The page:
NCPA - National Center for Policy Analysis


October 11, 2006

The first country in Latin America that institutes a flat-tax regime is going to make history for that region, just as history is being made by such pro-growth flat-tax regimes as Slovakia, Georgia and Estonia across Eastern Europe.  The man who made it happen in Estonia is giving Costa Rica that chance, says the Wall Street Journal.

Costa Rica is not the poorest country in Latin America but it's hardly meeting its potential:

  • Steep personal income-tax rates are the cause of a government-estimated tax evasion rate of 70 percent.
  • A 30 percent corporate tax rate discourages investment.


  • Costa Rica was considered a model welfare state 20 years ago.
  • Today, 80 percent of government revenues are dedicated to wages, pensions, debt service and higher education.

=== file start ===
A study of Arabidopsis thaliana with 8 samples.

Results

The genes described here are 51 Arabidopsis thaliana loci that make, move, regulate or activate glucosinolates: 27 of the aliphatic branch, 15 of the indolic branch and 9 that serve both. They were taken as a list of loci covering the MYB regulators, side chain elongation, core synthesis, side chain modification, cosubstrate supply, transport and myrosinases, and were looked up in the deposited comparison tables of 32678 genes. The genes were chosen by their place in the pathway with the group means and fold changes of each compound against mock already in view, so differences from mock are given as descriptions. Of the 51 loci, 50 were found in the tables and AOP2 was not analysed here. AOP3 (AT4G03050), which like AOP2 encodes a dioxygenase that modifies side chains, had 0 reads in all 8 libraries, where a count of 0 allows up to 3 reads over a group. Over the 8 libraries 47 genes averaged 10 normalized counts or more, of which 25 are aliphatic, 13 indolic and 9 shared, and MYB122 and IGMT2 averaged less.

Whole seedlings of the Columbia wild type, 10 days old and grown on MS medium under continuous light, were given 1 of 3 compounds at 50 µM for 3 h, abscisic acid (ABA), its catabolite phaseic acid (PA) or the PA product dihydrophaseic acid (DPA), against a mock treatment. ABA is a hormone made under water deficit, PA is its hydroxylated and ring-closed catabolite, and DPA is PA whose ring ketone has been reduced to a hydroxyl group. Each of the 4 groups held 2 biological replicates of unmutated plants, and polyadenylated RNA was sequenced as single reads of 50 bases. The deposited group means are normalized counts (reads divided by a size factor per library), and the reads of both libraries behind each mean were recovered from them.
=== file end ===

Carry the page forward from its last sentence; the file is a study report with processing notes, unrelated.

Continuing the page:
• Most of the region now takes for granted technology such as portable email devices; in Costa Rica such modern conveniences remain a dream.

Former Estonian Prime Minister Mart Laar faced bigger challenges in post-Soviet-Estonia:

  • In 1992 his country was running 1,000 percent annualized inflation and the economy had contracted 30 percent over two years.
  • Today, with its zero percent corporate tax rate on reinvested profits, single tax rate for individuals and a fully deregulated economy, Estonia is running ahead of the European pack, attracting human and financial capital.
  • Real gross domestic product (GDP) growth in 2006-2007 is forecast at more than 8 percent per year.

During three days of meetings with the government of Costa Rican President Oscar Arias, members of congress, economists, businessmen and opinion makers, Laar argued that Costa Rica could undergo a similar transformation if only the government would "just do it."  He emphasized the importance of privatization, accession to the Central American Free Trade Agreement and, of course, the flat tax.

Costa Rica has a chance to transform the region.  It should take it, says the Journal.

Source: Editorial, "To Grow or Not to Grow," Wall Street Journal, October 11, 2006.